The winds continued being northerly, so we started with 20 kilometres of tailwinds, followed by another 20 being sidewinds. When we headed up against Thames it started going real slow!
We shopped for lunch, dinner and breakfast, and I tried to send my speaker to Minirigs as it was faulty. The post office wanted a huge amount of money for it, though, and required a telephone number for the recipient, which I couldn’t provide. Better luck next time.
After a rainy lunch we continued north along the bay. The twisting road gave us protection from the wind half the way, but every time we came to an outer bend on the road the wind poured at us.
We arrived at Tapu, which would be the last chance to camp at before getting over the next coming hill. The road to Coroglen consisted of 660 height metres climbing, before having a looong downhill slope.
I enjoyed the climb, and felt it was fairly easy, not being too steep. On the other side, we saw what I think was a big kauri tree! Really cool to see one up close, and I had to back off pretty far even with my wide angle lens!
About forty minutes later, we didn’t have that fun, as Astrid had a puncture on her rear wheel. First puncture this trip!
Also took the moment to take a picture of my bicycle with an “adventurous”background!
Some luck still existed, despite being tired, and also not having too much daylight left. It was only three kilometres to a pretty cheap camping, including a hot shower without time limits! It was an easy decision, which I am happy we did, because the camping was cosy, awesome, had a good kitchen, good showers and you could do small adventures really close to it!
We enjoyed using a toaster for our bread in the morning, and really chilled out, sleeping in and relaxing. A man probably working in the camping told us about a small waterfall nearby which would be a neat experience, and so we went there to take a look!
The first part was reasonably easy, but continuing was a harder. I managed to get by, but Astrid didn’t want to risk breaking a leg or anything.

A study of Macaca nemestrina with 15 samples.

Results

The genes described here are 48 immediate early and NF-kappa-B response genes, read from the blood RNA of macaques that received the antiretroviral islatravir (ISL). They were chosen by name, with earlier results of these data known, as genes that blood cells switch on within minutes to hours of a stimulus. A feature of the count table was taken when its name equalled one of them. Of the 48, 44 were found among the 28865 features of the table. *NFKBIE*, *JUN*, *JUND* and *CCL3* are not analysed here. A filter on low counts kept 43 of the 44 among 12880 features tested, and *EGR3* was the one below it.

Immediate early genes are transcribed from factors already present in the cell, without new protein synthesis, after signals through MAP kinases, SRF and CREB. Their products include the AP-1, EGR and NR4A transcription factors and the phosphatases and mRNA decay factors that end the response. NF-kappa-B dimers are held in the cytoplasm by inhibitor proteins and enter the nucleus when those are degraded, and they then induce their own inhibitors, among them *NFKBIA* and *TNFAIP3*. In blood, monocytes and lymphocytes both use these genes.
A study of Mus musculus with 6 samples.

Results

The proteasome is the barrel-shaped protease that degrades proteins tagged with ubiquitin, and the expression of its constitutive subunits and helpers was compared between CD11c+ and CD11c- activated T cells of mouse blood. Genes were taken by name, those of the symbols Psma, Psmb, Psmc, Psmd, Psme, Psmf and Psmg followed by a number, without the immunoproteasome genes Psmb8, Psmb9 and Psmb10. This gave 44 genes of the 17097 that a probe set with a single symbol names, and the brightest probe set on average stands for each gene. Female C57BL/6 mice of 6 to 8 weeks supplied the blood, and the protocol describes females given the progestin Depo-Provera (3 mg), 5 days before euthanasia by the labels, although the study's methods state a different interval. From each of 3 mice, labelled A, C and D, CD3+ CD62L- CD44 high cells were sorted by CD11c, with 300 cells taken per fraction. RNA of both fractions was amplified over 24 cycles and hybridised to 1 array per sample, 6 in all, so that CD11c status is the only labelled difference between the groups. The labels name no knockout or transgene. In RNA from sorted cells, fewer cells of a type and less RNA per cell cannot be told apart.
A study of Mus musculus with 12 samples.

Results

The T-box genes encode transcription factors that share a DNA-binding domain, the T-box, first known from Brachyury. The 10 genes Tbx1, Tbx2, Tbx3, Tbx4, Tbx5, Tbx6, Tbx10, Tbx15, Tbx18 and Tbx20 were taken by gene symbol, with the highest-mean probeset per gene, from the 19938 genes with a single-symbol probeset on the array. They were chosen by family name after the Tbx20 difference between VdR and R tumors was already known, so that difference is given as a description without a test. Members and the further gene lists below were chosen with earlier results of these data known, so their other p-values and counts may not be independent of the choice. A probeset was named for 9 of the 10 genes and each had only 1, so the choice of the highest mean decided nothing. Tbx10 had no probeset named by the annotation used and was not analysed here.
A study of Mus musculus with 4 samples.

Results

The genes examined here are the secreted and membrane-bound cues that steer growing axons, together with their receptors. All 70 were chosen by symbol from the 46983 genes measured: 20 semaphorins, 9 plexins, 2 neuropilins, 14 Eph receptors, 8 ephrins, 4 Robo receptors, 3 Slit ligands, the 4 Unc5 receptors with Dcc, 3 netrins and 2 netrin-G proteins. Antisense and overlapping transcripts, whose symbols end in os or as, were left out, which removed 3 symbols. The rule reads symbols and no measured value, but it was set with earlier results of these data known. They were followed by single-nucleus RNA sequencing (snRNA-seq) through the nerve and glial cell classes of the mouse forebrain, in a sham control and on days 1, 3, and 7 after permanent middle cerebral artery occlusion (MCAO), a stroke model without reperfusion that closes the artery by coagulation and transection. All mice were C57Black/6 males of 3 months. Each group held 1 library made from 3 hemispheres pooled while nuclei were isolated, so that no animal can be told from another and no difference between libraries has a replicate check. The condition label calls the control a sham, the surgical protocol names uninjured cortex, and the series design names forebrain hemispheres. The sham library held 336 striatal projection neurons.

Another couple of hundred metres up, I found the big pool the guy also told us about! Of course I had to take a dip, and it was icy! I’m glad it was pretty warm outside, and it was a marvellous experience to bath up there!
I started walking down again, this time in shorts and without shoes as it was easier to walk through the water than jumping stone-to-stone, and also my right shoe was pretty wet from an unexpected dip earlier.
I overestimated my foot grip on a stone, which made me slip, and gave me a small scratch.
After another hour of relaxing at a small cliff, we headed back to the camping. It was so easy to relax there, and a fabulous view!
Pretty late, around 17.30, we started biking the 20 kilometres to get to the next camping close to Hot Water Beach. The winds were good, and it was a quite easy ride. Being hungry, we bought an extra loaf of bread, and also a bottle of wine, when checking in. As it was already rather late we set camp and started making dinner. After tons of couscous, raisins and peanuts, and a couple of slices of bread, it was already getting late. Hot Water Beach was best within two hours before or after low tide, and low tide would be half past eleven.
Instead of paying money for shovel hire we brought a pan and a pot from our kitchen to dig with. The Hot Water Beach is a beach with really hot underground springs, which at low tide can be felt through the sand at the beach. If you dig at a hot place, warm, or rather scorching, water would surface through the ground, making your own pool. At some spots the water reaches temperatures higher than 60 degrees celsius! The waves also brought in glow worms, which made the water full of green glowing dots!
Our pool got a little bit too hot, but by digging to the side, we managed to get a pretty nice hot tub, where we soaked for more than an hour, watching the outstanding night sky overhead.